On March 14, when asked for the Spanish government's take on a second Scottish independence referendum, Spanish Foreign Minister Alfonso Dastis said Spain "doesn't encourage secessions or divisions… we prefer things continue the way they are."
Some may wonder why a Spanish politician was canvassed for opinion on the matter, but Madrid's sentiments are of critical importance to the Scottish independence cause — after all, Spain's government is battling a separatist movement within the country's own borders, the independence aspirations of which it wishes to neuter.
Madrid's long running dispute with Catalonian separatists has led the country to consistently refuse to recognize Kosovo as an independent republic since its 2008 declaration of independence from Serbia. Kosovo, like Catalonia — and Scotland — wishes to be an EU member state, and one separatist cause being successful in this regard could serve as a blueprint for others. In turn, the Spanish government wishes to make clear separate deals or full membership aren't necessarily on the table for regions that secede from their parent nations.
The issue of Catalonian independence has significantly intensified since the start of 2016 — the region's parliament passed a resolution on holding an independence referendum in 2017, which was subsequently blocked by Spain's Constitutional Court, although secessionists have pledged to ignore the decision and carry on campaigning regardless, even if a plebiscite on the question is effectively illegal.
Ergo, it's perhaps safe to assume Spain's hardline stance on secession has also become more entrenched — and the Scottish National Party's dreams of an independent Scotland being able to remain in the EU, or being reflexively readmitted to the bloc, cannot be realized.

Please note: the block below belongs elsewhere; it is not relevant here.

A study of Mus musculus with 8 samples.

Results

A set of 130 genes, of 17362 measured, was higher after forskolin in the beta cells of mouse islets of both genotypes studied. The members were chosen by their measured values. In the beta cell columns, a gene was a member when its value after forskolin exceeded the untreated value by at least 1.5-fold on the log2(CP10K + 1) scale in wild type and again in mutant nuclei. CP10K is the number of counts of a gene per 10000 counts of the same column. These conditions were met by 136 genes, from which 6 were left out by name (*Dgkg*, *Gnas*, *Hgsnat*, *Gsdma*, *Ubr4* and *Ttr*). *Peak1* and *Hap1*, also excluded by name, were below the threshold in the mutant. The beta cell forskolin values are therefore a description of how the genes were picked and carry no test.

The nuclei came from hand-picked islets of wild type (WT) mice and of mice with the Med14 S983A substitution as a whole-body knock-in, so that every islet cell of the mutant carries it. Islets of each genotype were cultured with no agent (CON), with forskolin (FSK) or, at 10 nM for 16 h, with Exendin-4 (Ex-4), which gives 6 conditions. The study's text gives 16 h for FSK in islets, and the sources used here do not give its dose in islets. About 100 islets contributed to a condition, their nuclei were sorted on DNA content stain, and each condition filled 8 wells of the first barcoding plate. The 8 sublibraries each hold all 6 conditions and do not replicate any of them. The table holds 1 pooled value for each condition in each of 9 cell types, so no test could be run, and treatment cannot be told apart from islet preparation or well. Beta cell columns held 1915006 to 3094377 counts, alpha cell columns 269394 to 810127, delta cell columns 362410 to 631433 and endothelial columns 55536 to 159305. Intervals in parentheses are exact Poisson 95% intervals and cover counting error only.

Scottish parliament backs new independence referendum https://t.co/XdwuKIhTcI— UKTheDutch (@UKTheDutch) March 30, 2017
Professor Carlos Flores Juberias, Professor of Constitutional Law at the University of Valencia, says that while that diagnosis is largely correct, the situation is also highly nuanced.
"In short, is Spain happy about the prospect of an independent Scotland? No. Will Scotland be permitted to stay in the EU, or automatically have a relationship with the EU? I'm not optimistic. Still, Madrid's stance is not nearly as inflexible as some might think, or wish — they certainly aren't saying Scotland would never be allowed to return to the EU, or they wouldn't recognize Scotland as an independent country," Professor Flores Juberias told Sputnik.
The Professor explains Scotland would need to apply for EU membership on its own merits — meeting relevant standards, joining the queue behind other hopefuls and eventually negotiating with the EU. What those negotiations would produce — Scotland as a full member state, with a European Economic Area relationship, or even a unique deal — is uncertain.
Nonetheless, Professor Flores Juberias is certain that if Scotland does go independent, it could be decades before the country enjoys a relationship with the EU again, and the Spanish government will be instrumental in ensuring this.
"One particular negative motivating factor is if Scotland goes independent, it will be after a second referendum on the issue. [Mariano] Rajoy's government doesn't want to suggest to the Catalonian separatists that they can keep holding referendums until they get the "right" answer. I broadly agree with that principle — a referendum cannot be repeated purely because circumstances change. In politics, circumstances change all the time. If the Scottish independence movement had won in 2014, they'd consider the matter closed, and oppose attempts to hold another," he continued.
However, Professor Flores Juberias is even more certain that Catalonian separatists' aspirations will come to nought — for the time being, at least.
"The campaign has turned vicious. There have been violent clashes, and the People Party's headquarters was attacked. This is a sign the campaign is losing momentum — they're not able to put forward a peaceful, positive vision believed by voters, so they're resorting to aggression. Voters in almost every group, whether they strongly oppose independence, are open on the issue or enthusiastic about secession, are concluding pro-independence politicians cannot deliver on their promises," Professor Flores Juberias concluded.